Oil prices took a dip on Friday in Asia despite reports of OPEC output cuts and U.S. sanction on Venezuela, as traders are still worried about the global economic slowdown.
The U.S. Crude Oil WTI Futures that dropped by around 2.5% in the previous session kept the downward trend on Friday and were trading at $52.21 per barrel at 11:11 PM EST (4:11 AM GMT), down 0.82%.
International Brent Oil Futures were down 0.67%, at $61.22 per barrel after falling 1.7% in the previous session.
Dampening the market is the possible negative impact of the unresolved disputes between China and the U.S. on the global economic growth prospect.
U.S. President Donald Trump said that there would be no talks between him and Chinese President Xi Jinping before the trade deal deadline on March 1, raising new concerns about the trade tensions between the world’s two biggest economies. Last week, Trump suggested that he would have a face-to-face with Xi in late February but ruled out such a meeting on Thursday.
“Crude prices returned to the lows of the week as slower growth prospects…could signal a return (of reasons) for inventories to rise,” said Edward Moya, market analyst at futures brokerage Oanda, in a Reuters report.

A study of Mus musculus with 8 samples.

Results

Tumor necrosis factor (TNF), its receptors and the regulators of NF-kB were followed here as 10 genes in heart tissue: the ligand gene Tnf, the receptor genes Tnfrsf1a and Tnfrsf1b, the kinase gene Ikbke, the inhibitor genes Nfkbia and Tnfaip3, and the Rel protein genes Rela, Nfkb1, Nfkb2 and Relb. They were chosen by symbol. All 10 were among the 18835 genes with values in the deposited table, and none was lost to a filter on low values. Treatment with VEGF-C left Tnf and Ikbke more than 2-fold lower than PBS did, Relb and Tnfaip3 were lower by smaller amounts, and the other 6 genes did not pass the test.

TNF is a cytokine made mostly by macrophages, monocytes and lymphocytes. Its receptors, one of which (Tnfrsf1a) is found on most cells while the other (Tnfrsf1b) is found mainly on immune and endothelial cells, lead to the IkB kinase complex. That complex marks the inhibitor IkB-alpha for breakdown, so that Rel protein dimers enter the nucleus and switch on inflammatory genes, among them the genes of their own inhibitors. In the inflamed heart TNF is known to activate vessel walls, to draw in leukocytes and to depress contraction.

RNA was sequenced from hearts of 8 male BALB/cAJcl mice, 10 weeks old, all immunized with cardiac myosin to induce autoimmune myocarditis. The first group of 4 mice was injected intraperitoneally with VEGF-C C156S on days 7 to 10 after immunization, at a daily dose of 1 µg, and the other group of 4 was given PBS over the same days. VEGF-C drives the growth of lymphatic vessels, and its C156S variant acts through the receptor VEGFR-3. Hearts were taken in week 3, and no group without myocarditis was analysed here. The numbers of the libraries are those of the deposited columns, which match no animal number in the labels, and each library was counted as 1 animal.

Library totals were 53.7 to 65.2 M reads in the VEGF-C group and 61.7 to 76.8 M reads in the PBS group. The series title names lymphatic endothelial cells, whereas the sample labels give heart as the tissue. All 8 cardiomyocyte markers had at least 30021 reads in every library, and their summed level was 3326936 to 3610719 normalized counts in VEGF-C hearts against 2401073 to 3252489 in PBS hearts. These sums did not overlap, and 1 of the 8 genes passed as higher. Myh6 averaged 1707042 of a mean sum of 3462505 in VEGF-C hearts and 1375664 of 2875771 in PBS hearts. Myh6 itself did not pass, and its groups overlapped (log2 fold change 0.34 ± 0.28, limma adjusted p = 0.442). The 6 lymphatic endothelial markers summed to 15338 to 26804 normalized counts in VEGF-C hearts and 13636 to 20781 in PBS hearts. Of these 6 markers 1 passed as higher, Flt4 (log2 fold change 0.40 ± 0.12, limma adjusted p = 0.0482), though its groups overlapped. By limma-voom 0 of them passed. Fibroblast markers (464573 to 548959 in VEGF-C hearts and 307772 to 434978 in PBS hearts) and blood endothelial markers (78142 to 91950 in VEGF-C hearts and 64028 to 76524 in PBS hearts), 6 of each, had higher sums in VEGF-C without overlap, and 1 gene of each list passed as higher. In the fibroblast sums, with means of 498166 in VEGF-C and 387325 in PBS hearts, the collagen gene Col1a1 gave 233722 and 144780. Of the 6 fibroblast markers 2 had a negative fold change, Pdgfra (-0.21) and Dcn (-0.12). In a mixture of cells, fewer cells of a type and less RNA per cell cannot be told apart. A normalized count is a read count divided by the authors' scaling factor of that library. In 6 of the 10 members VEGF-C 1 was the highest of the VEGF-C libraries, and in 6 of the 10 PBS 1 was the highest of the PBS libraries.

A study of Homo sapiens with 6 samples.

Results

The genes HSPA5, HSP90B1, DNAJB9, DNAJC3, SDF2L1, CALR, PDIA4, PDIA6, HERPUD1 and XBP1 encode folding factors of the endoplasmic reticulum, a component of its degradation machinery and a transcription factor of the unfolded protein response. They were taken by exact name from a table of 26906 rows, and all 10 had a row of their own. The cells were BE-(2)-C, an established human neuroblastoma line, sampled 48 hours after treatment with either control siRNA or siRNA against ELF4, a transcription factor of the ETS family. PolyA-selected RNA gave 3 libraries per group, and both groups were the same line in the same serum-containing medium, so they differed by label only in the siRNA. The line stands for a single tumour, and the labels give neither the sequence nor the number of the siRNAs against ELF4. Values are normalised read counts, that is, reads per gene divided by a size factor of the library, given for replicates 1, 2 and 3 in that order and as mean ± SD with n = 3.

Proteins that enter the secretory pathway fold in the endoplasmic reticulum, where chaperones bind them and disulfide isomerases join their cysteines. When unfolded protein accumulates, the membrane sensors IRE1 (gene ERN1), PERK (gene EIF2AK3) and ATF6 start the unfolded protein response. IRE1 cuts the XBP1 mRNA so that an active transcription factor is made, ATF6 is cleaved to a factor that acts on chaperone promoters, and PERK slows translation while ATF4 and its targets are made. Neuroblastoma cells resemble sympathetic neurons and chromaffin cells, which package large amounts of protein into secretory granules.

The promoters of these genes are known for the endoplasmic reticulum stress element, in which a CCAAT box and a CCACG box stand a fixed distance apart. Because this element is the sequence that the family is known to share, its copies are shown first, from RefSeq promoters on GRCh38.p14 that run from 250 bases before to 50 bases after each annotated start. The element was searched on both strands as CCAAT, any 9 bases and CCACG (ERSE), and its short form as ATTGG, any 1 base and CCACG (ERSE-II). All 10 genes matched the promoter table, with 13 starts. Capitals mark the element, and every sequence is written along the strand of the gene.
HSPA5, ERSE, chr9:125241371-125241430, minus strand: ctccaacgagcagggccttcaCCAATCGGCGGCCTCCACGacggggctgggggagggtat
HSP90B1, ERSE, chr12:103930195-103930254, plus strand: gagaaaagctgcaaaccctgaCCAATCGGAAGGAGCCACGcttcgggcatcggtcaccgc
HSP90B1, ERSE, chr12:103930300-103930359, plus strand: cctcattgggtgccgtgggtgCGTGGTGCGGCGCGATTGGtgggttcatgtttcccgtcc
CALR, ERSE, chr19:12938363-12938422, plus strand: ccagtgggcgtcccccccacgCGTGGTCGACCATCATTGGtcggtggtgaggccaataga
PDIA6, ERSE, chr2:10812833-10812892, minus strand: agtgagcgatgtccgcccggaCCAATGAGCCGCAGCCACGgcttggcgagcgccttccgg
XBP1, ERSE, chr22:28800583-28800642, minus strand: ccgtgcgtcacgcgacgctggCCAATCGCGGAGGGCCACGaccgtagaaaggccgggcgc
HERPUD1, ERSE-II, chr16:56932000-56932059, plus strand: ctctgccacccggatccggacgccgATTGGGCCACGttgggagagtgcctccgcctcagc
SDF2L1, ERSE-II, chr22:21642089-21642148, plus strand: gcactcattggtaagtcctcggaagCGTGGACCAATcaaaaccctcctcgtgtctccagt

Meanwhile, the supply cuts led by the Organization of the Petroleum Exporting Countries (OPEC) that were introduced last year were continued to be cited as a tailwind for oil prices, although it was largely overshadowed by the renewed trade concerns this week.
Saudi Arabia, the de-facto leader of OPEC, cut its crude output in January by about 400,000 barrels per day (bpd) to 10.24 million bpd – almost 1.7 million bpd below that of the U.S., Reuters reported according to OPEC sources.
The U.S. sanctions implemented in late January have made it harder for Venezuela to export oil, but the impact on international oil markets is still limited at the moment, with some analysts saying oil markets currently “sit on a comfortable cushion of supply.”
On Thursday, a U.S. House of Representatives committee approved a bill that would expose OPEC members to U.S. antitrust lawsuits, but the measure is yet to be considered by the full chamber.